While traditional mudlogging techniques provide largely qualitative data, the objective of Advanced Mud Logging (AML) is to provide quantitative real time measurements and information in aid of drilling and a complete formation evaluation. Hence, during the past few years, various techniques which before were limited to laboratories, have been adapted for well site usage. Also, the whole surface logging system, from sensors to computer operating systems, have been enhanced.
A systematic comparison of results between laboratory instrument and field version instruments proved that the quality of results does not need to be given up when applying these techniques at the wellsite. At present AML well site techniques thus include (i) enhanced monitoring of drilling parameters, (ii) sophisticated mud gas analysis capabilities, (iii) enhanced cuttings image acquisition and processing, and (iv) several direct petrophysical measurements on cuttings.
We present some results of several field tests done in Saudi Arabia with a dedicated AML unit, where all these new techniques have been integrated. In this unit, next to conventional techniques, such as calcimetry, measurements on cuttings include X-ray diffraction (XRD), X-ray fluorescence (XRF), Nuclear Magnetic Resonance (NMR), spectral GR, grain density and porosity.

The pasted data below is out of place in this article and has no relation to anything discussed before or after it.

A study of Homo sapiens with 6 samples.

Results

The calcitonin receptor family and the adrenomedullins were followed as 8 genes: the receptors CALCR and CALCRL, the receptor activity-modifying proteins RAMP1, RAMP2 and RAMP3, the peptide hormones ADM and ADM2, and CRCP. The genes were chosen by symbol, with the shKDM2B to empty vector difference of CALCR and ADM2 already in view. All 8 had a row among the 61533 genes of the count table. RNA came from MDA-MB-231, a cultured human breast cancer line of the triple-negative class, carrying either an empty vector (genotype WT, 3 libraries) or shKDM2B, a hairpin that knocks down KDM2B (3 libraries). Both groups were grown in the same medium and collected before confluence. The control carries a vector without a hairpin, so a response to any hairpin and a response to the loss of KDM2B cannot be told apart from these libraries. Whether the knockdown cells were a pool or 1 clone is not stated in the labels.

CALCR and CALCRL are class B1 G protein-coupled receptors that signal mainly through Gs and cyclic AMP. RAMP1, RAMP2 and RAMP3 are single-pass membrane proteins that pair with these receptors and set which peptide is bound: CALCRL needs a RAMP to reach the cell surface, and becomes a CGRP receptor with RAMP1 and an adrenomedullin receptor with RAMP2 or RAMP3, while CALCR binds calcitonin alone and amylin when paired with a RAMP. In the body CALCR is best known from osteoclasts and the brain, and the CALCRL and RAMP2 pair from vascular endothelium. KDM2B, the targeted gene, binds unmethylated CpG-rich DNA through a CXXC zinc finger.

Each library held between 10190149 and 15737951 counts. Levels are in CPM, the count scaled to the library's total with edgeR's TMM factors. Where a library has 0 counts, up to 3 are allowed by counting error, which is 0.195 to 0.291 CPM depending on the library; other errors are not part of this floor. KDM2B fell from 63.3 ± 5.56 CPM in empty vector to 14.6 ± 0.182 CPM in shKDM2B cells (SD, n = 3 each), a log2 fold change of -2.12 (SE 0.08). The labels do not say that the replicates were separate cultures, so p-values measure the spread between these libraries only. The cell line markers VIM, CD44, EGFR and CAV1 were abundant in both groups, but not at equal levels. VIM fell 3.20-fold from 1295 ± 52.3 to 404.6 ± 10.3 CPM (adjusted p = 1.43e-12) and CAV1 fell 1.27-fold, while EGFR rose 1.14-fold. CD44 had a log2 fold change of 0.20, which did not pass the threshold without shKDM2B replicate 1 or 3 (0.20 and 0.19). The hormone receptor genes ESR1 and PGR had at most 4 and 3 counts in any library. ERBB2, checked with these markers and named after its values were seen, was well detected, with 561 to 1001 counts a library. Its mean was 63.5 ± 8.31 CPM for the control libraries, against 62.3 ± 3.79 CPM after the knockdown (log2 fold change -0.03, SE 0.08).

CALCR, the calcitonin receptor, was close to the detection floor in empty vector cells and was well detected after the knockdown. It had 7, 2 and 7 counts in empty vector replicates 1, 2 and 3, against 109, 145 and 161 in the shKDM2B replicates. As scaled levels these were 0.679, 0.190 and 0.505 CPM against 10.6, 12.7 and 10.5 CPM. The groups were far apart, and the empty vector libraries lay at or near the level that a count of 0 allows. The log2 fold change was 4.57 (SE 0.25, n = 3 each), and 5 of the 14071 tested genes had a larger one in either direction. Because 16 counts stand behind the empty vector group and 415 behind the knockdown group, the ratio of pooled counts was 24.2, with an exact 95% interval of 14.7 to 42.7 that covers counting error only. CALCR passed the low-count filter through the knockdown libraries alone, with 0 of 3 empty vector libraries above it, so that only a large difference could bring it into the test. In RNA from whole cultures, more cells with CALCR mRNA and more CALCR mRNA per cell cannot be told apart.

Examples in each of the four areas mentioned above confirm the potential of AML. AML mud gas analysis gives quantitative compositional HC analysis which perfectly matches results from PVT tests done on subsequent wireline fluid sampling. Also: while the depth resolution of mudlogging measurements, typically several feet, is less than of especially wireline logging, normally sampled at half foot increments, the latest AML NMR measurements have the potential for very high resolution measurements, making it possible to establish the petrophysical properties of very thinly laminated sequences, where normally neither conventional wireline logs nor core plug measurements can resolve those.